The Farm to Fork Advantage:
More than bringing our fresh produce from Good Food Farm – Magdalena to the hands of the nutritionally at-risk communities we serve, our farm to fork approach makes way for a sustainable food cycle that assures food is produced and consumed as needed—minimizing our carbon footprint and reducing food wastage.
It Starts With A Seed
The journey starts with the small, humble cowpea. Despite its minute appearance, cowpeas are one of our most practical produce at the farm, lending itself to a number of uses from it being a great source of high-quality plant protein and other vitamins beneficial for both human and animal consumption, to its nitrogen-fixing properties that is especially helpful for soil improvement.
Its short maturity, low fertility requirement, and resistance to dry weather conditions also makes it a perfect inclusion to crop rotations—a sustainable practice we apply at Good Food Farm – Magdalena where a variety of crops are planted in the same area across seasons to maintain soil health and reduce the need for fertilizers and pesticides.
50-60 days after sowing (DAS) the seeds, the first round of cowpeas are harvested as soon as the pods form a firm body. They can be harvested fresh or green, or they can be left on the plant to dry.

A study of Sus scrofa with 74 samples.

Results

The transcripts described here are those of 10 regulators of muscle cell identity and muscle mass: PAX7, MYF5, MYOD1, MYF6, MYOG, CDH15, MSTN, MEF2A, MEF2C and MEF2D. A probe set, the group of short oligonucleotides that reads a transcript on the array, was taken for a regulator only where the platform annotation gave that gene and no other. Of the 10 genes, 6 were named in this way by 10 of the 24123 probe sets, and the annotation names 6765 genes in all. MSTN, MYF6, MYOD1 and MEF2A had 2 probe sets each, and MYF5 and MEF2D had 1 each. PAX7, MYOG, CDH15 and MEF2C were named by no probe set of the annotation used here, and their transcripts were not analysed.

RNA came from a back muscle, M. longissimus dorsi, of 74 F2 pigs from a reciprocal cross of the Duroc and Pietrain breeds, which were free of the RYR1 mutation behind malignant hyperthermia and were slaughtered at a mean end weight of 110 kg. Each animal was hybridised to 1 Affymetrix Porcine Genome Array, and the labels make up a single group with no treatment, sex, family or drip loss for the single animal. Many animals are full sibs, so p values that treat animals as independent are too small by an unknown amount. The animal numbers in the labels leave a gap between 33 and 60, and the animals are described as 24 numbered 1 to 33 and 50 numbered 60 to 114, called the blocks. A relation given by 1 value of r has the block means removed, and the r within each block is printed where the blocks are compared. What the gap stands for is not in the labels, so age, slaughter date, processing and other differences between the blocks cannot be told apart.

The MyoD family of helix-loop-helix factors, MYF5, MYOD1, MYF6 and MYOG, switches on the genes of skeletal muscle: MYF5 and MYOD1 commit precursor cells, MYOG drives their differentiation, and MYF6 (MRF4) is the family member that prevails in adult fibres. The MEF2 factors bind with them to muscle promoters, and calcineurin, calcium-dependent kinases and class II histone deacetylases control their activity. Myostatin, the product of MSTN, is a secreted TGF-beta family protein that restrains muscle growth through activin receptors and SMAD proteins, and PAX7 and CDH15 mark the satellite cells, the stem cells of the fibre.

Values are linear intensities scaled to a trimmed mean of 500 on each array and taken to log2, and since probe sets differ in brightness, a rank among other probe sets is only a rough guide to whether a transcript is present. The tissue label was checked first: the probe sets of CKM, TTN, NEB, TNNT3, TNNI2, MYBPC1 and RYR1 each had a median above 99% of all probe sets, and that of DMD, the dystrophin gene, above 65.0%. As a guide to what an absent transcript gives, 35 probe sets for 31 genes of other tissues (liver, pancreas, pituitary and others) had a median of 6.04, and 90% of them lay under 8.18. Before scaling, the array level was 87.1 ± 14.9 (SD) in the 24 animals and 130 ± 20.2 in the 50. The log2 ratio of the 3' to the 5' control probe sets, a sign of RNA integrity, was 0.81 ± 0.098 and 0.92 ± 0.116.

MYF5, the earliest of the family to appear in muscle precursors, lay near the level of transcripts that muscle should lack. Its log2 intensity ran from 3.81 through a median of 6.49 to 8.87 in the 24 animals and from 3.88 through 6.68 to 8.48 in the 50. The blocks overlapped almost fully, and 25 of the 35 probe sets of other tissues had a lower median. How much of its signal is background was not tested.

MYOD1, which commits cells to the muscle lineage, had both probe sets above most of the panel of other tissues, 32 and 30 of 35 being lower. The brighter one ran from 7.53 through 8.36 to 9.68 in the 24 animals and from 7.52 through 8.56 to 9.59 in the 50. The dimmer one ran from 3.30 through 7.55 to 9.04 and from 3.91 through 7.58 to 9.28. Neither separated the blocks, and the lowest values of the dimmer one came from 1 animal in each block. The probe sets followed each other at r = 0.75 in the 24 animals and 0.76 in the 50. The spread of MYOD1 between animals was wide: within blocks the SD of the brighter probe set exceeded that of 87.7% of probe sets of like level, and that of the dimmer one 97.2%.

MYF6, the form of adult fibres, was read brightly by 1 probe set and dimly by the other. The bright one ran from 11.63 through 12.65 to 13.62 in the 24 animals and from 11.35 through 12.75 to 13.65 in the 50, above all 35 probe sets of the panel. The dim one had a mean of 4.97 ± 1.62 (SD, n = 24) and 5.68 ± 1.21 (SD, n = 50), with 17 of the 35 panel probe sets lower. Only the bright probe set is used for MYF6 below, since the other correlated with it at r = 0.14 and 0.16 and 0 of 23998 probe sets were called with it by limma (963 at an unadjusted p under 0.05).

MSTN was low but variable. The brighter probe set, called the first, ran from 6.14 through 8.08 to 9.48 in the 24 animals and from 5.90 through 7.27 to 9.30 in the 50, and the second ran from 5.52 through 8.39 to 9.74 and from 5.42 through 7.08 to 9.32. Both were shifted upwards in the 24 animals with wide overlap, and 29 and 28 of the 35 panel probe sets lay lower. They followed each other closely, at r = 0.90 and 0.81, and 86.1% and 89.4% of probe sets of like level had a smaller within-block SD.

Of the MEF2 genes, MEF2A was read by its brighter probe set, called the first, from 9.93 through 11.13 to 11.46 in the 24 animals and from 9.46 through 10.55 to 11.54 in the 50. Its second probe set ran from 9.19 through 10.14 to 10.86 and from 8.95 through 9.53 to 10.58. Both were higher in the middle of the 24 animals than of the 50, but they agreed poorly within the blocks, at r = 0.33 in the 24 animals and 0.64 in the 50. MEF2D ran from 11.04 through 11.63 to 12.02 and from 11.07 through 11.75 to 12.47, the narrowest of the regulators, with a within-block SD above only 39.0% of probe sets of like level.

At the Good Food Farm, we harvest the cowpeas when they have reached maturity and we then leave them out to dry to ensure that none of the pods will sprout while in storage.
Once dried, our farmers pick out the peas one by one, a process that usually takes about two days to accomplish.
In a week, around 10-20 kgs of dried cowpeas are harvested to support our feeding operations.
At Rise Against Hunger Philippines, the produce from the Good Food Farm is sent directly to our Good Food Kitchen, located at the heart of the communities we serve. This includes our Kain Tayo Mobile Kitchen, a customized jeepney with a fully-equipped kitchen, which serves freshly cooked, hot meals to 500 individuals twice a week in different barangays across Metro Manila.
With its goal of providing nourishment for communities with the highest concentration of nutritionally at-risk members, our cowpea harvest is cooked along a meticulously planned out menu made by our nutritionist to ensure we’re fulfilling the nutritional needs of our community.
How good are they? While there might have been apprehensions on having the humble cowpea for a meal, our mobile kitchen’s Chicken Curry with Cowpeas has become a community favorite, enjoyed by both children and adults!
From a farmer to a community
When the news on how the cowpeas they have been planting turned out to be a big hit among the families in the communities we serve, one of our farmers, Tatay Nerdo, couldn’t help but share his elation.
“Masaya [kami] dahil napapakinabangan ‘yung ating mga na-aani dito, maraming nakakakain,” [We feel happy because we know that our produce were made use of and is now feeding plenty] he says, expressing how big an impact this must have to the thousands of Filipinos who still go hungry.
For Tatay Nerdo, all his hard work feels rewarded knowing that their harvest has come a long way to meet the needs of many.